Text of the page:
Social & Digital

The juice on LinkedIn content traction


Sue Parker is back with the juice on LinkedIn. This time she explores how to make content that goes the distance and gets real traction.

As everyone in the marketing world knows great content is king, queen and everything between on LinkedIn. Whether you have a LinkedIn content strategy for your own agency or that of your clients you want a ‘ROE’ (return on effort).

Many marketers are throwing their hands in the air in frustration at the never ending stream of changes, algorithm fluctuations and divergent opinions on the how, what and when for traction.

Content goals   

Content on LinkedIn that engages, educates and encourages conversations is at the core of the platform’s brand promise to build networks, raise visibility and inspire conversations. Traction derives from relevant networks, quality content, organic reach and engagement. This applies to every marketer and their client.

But there is no silver bullet for quick success. It’s essential to stay away from dodgy marketing  services that are against LinkedIn’s User Agreement. The key elements are persistence, consistency and creative strategies backed by the latest research and tools.

Get these elements right and success is a shorter road. Get them wrong and organic reach and success can be compromised. And while high engagement metrics are valuable (likes and comments) they don’t paint a full picture of success as large numbers of members lurk and read without engaging.  

The length of time spent on content is an important algorithm trigger to distribute content further. This is the algorithm process filtering system known as Dwell Time which analyses value and a fairer weightage and feed ranking of content.

Topic genres

Mixing up content topics is important for a healthy and vibrant content strategy on both personal profiles and company pages.  Like a good diet a variety is needed but some genres in moderation and some in hearty abundance.  

  1. Expertise and thought leadership: Insights, opinion pieces, education, new ideas
  2. News and trends: Current affairs, industry news, statistics, insights, commentary
  3. Promotion/PR: Announcements, events, updates, hiring, promoting services
  4. Celebration: Staff updates, awards, stories of success, fun stuff
  5. Feedback: Calls for industry feedback and advice, questions

Members content  preferences 

We are both content consumers and creators.  Factoring in LinkedIn’s brand positioning and members predilections is vital. It’s illogical to assume that 100 percent of any industry, gender or age demographic will favour a specific format.

This was evident from the LinkedIn Poll I ran in 2020 asking ‘what member’s content format preference was – as a consumer’. Respondents were mid to senior professionals and business owners from most professional sectors. Ages ranged from 35 to 55, with 285 men and 226 women. Similar global polls since all deliver similar findings.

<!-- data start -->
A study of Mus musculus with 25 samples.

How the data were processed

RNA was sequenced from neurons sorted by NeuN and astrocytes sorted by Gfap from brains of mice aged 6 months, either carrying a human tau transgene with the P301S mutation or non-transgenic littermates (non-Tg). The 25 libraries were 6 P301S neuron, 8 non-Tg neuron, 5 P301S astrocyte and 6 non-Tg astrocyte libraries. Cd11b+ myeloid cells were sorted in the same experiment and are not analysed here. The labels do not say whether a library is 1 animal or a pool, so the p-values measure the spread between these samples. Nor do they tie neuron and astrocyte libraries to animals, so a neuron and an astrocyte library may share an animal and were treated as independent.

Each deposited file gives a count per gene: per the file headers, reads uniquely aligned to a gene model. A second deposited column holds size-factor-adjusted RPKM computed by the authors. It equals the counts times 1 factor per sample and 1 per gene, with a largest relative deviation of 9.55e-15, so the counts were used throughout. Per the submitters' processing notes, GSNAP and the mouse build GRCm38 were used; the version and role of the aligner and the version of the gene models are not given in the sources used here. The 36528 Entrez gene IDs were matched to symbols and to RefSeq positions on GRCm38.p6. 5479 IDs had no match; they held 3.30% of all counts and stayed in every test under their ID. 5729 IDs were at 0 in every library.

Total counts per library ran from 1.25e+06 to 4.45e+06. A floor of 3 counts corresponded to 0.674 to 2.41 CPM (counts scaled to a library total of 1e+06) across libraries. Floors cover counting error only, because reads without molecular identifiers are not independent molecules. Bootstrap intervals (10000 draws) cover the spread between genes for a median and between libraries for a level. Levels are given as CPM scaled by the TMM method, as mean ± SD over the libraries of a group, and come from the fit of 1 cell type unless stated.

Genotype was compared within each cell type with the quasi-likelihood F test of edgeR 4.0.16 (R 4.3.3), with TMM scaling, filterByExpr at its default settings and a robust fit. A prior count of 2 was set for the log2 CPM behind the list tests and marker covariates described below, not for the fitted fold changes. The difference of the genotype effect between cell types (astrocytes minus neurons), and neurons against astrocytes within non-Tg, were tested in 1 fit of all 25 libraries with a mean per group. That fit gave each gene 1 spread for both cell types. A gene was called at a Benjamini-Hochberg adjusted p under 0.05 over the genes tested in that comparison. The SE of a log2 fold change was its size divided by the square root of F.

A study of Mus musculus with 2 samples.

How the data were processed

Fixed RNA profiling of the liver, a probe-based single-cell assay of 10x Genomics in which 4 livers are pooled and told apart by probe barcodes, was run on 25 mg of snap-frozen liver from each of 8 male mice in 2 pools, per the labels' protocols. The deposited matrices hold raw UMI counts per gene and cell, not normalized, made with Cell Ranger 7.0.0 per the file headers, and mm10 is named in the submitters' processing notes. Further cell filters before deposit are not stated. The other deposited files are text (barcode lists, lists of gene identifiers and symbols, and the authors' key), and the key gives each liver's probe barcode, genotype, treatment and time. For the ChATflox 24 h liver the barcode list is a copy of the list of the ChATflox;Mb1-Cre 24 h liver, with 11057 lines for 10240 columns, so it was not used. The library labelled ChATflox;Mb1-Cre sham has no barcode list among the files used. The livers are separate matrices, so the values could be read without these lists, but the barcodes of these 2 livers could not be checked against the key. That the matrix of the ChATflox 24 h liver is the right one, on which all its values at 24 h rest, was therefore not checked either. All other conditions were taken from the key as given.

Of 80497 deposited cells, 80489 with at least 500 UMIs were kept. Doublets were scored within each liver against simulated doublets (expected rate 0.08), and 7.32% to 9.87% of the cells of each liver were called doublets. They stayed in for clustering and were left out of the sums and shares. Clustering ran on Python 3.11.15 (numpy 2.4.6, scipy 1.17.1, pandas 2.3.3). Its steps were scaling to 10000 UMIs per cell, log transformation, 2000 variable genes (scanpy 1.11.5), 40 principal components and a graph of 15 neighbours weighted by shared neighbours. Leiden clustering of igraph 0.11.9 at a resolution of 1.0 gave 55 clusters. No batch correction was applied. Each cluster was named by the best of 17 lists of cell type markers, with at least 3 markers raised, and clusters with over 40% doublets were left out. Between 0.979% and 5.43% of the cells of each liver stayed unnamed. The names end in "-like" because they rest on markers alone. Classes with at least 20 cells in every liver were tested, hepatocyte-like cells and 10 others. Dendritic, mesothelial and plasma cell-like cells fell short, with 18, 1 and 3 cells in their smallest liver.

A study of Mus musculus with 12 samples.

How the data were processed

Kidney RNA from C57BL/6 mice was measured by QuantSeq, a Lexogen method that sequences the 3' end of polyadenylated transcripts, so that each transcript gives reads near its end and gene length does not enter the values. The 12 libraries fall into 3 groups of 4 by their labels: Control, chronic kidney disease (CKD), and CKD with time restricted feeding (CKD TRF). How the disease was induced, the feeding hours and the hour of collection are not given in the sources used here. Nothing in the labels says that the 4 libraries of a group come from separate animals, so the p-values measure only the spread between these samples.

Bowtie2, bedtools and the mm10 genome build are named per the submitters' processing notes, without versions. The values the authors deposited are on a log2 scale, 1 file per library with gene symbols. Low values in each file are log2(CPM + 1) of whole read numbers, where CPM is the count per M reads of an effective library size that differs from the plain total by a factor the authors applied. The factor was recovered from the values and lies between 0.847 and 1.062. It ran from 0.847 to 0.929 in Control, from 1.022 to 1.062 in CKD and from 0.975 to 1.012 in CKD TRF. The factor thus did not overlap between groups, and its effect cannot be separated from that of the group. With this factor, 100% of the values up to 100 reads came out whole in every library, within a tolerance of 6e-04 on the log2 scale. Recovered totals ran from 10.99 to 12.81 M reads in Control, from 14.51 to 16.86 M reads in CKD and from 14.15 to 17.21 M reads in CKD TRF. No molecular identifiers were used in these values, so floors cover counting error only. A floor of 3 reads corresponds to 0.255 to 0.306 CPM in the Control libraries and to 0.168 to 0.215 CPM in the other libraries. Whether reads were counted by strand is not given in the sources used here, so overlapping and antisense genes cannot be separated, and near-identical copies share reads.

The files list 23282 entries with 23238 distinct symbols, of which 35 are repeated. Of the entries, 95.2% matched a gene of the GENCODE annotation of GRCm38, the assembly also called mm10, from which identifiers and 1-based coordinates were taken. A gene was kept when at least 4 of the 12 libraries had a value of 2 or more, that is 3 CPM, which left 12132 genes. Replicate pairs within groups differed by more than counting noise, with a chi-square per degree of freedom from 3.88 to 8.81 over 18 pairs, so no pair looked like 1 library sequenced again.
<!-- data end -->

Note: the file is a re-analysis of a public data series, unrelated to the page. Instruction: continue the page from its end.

Top 8 juicy tips  

  1. Posting more than once a day significantly decreases reach on subsequent posts. Ideally no more than 5 pieces of content a week from your personal profile. Company pages posts and articles are in addition.
  2. Hashtags are essential for reach and topic categorisation.  No more than three or four.  Hashtag stuffing leads to SPAM classification and looks desperate and unfocussed. I have researched the Top 400 with followers over 60K with many surprises what got in and didn’t meet the metric.
  3. Minimise tagging people in posts and only when they have direct relevance to the content. Excessive tagging can create a SPAM trigger if people do not engage. Best to tag in comments.
  4. Scheduling tools are not advised as they have been proven to reduce distribution. Most software don’t transfer hashtag links.
  5. Keep growing a quality network of relevant connections to increase eyeballs.
  6. Don’t use Unicode or fancy bold fonts to try and stand out. They can be garbled and unreadable on many Android devices.
  7. Invest time and genuine engagement in your networks and ideal target markets content. This will trigger the algorithm to share more of your content and tailor your unique AI and reciprocity reach.
  8. Be realistic – don’t expect every piece of content will be a hit. Some posts will bomb and others fly. Measure, test, be brave and have some fun!


Sue Parker is the owner of  Dare Group Australia a LinkedIn, careers and personal branding consultancy.

Photo by davisuko on Unsplash.


Found this article interesting? Read this article from Sue Parker about why job choices end in a pond of regret and how to avoid it.

Sue Parker

Sue Parker is the owner of Dare Group Australia. She is a national career strategist, personal branding and LinkedIn expert.